Now, I realise it might be a bit late to post recipes for Mince Pies now that the big day has passed, but I am still on leave from work, so it’s still Christmas in my eyes. Also, I have to share this recipe with you, because it is by far the best Mince Pie I have ever made. I have pulled together components from a couple of recipes I have done in the past, and put them together to produce the only Mince Pie recipe I will make from now on.

I have always been a fan of a good pie crust, and this sweet pastry has a hint of orange in it that makes a little more special. Top the pie with a melt-in-the-mouth topping of Viennese biscuit, and you have a winning combination.

You can if you so wish make your own filling, but I was only making 1 dozen pies. My husband doesn’t like them, so these would be for my own consumption, so a dozen is more than enough. Even for me. With that in mind, it felt more prudent to buy a jar of filling. If you want to make more, these should freeze well once baked, then can be thawed and gently warmed.

Viennese Mince Pies

Serves 12



  • 180g Plain Flour
  • 90g Unsalted Butter (cold and cubed)
  • 1 Large Free-range Egg Yolk
  • 40g Icing Sugar
  • Grated Zest of 1 large orange
  • ½ teaspoon Ground Nutmeg
  • 1-2 teaspoon Juice of orange


  • 1 jar Ready Made Mincemeat

Viennese topping

  • 225g Unsalted Butter (softened)
  • 50g Icing Sugar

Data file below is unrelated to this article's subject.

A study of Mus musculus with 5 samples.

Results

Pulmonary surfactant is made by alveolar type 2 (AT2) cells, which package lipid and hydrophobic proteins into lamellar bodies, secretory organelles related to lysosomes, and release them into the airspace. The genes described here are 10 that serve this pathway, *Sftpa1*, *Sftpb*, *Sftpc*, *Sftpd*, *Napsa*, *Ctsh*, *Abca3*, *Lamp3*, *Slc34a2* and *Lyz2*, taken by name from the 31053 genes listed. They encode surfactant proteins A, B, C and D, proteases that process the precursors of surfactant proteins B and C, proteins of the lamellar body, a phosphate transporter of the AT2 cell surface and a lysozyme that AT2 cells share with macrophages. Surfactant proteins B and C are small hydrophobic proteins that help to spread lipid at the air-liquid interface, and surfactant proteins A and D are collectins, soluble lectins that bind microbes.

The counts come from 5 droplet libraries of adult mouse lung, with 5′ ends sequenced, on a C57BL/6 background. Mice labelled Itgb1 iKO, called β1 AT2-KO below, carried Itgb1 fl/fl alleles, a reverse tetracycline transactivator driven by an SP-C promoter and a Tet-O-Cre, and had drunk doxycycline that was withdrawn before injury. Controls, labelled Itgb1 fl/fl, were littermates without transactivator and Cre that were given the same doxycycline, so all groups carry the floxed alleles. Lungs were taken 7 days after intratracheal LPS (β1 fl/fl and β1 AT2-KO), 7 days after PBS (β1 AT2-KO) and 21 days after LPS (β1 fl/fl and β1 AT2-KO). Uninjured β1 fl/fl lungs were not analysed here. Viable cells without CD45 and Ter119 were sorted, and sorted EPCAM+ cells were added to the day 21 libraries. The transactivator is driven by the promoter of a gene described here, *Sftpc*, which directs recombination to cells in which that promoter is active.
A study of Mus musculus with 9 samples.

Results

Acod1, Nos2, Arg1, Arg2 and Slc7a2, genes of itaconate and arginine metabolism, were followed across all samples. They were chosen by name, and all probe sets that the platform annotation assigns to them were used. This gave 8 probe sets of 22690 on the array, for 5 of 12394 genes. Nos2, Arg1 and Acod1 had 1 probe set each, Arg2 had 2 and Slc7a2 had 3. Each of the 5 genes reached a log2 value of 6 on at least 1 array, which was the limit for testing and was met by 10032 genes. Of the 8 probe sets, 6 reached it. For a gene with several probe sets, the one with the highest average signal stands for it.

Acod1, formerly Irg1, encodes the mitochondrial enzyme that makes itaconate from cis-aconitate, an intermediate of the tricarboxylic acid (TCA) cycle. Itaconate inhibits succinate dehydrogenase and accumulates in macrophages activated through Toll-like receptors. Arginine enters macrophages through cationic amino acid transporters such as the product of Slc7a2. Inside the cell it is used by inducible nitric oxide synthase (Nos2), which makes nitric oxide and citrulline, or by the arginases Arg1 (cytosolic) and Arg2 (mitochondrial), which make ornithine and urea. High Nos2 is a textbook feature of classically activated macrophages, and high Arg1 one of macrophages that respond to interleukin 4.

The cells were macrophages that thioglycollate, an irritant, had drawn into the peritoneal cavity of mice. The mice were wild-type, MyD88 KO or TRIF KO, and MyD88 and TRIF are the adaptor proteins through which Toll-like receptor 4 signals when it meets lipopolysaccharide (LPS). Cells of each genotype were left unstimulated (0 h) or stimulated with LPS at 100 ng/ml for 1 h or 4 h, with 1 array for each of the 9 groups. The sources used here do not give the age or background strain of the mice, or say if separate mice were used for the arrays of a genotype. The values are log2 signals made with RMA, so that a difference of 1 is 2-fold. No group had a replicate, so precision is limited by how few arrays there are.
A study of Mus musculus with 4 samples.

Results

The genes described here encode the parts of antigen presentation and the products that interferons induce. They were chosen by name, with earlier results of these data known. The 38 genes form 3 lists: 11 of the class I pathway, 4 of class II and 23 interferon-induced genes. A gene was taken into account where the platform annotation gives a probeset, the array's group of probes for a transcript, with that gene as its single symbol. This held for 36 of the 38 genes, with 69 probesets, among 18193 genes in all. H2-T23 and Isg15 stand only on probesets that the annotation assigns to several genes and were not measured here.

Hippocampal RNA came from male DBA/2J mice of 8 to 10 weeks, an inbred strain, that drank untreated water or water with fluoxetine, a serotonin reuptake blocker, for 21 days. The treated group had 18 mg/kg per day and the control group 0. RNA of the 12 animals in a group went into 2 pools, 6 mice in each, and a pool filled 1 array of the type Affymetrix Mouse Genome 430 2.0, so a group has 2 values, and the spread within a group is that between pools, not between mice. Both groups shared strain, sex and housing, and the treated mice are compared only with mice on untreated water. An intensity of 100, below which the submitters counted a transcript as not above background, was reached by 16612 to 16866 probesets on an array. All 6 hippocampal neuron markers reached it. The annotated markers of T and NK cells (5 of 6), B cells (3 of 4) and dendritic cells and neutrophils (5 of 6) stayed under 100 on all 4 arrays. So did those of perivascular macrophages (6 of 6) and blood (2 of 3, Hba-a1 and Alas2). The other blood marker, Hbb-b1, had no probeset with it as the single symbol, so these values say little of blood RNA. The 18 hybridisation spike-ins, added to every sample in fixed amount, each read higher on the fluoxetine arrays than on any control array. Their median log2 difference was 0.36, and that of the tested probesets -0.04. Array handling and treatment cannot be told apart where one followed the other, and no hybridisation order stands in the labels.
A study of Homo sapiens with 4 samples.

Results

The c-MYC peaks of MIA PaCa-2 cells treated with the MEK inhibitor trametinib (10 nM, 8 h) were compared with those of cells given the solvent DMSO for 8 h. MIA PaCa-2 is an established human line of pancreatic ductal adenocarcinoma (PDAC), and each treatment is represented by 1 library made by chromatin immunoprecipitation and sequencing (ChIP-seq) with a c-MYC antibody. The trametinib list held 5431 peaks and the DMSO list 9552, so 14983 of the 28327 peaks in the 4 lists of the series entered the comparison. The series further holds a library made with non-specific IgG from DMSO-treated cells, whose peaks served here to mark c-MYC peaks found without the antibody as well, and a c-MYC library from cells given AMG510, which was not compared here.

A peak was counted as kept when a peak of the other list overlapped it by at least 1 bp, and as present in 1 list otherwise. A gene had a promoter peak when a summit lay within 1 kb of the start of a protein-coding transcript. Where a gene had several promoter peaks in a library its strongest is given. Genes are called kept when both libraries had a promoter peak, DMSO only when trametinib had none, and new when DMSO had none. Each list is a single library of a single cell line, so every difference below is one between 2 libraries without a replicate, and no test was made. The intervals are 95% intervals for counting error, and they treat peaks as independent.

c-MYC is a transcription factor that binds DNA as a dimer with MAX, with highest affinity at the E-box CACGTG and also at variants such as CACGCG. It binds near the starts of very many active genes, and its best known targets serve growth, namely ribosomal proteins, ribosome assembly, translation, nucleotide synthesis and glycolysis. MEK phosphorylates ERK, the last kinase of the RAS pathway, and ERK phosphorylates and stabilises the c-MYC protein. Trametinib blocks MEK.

• 175g Plain Flour
  • 50g Ground Almonds (or corn flour)
  • 1 teaspoon Vanilla Extract


1. Place the flour, sugar, orange zest and butter together in a large bowl
2. Rub together until mixture resembles bread crumbs
3. In a jug, beat together the egg yolk and 1 tablespoon of orange juice
4. Make a well in the centre of the flour mixture, and pour in the egg and mix well until it forms a dough. If it is too dry, add a little more orange juice a teaspoon at a time
5. Warp in clingfilm and chill for 30 minutes
6. While the pastry is chilling, make the viennese topping. Mix together the butter and icing sugar until light, pale and fluffy
7. Beat in the vanilla, then sieve and fold in the ground almonds and flour. If the mixture is too stiff, then you can add a teaspoon or two of milk
8. Place the mixture into a piping bag with a large star nozzle fitted
9. Roll out the chilled pastry on a lightly floured surface to no more than 3-4mm. Using a cutter, cut out 12 rounds and place into a lightly greased 12 hole Yorkshire Pudding tin
10. Spoon about a teaspoon of mincemeat into each cavity
11. Pipe a line of the Viennese mixture around the inside of the top of the mince pies so it just touches the pastry case. The mixture will grow slightly as it cooks, but leave a small hole in the middle
12. Place the tray into the fridge, and chill for 20 minutes. Pre-heat the oven to Gas Mark 5 / 190°C / 375°F
13. Bake for 15-18 minutes, or until the top is golden
14. Cool on a wire rack. Dust with a little icing sugar before serving


When piping the viennese mixture, use a stiff material piping bag preferably, one that does not stretch. The mixture is quite firm and if you use a plastic disposable bag, it will just stretch or split.

You can freeze in the tray prior to cooking, then transfer into an airtight box.  That way you can have freshly baked mince pies over the holidays. You can also freeze after cooking, then warm gently once thawed.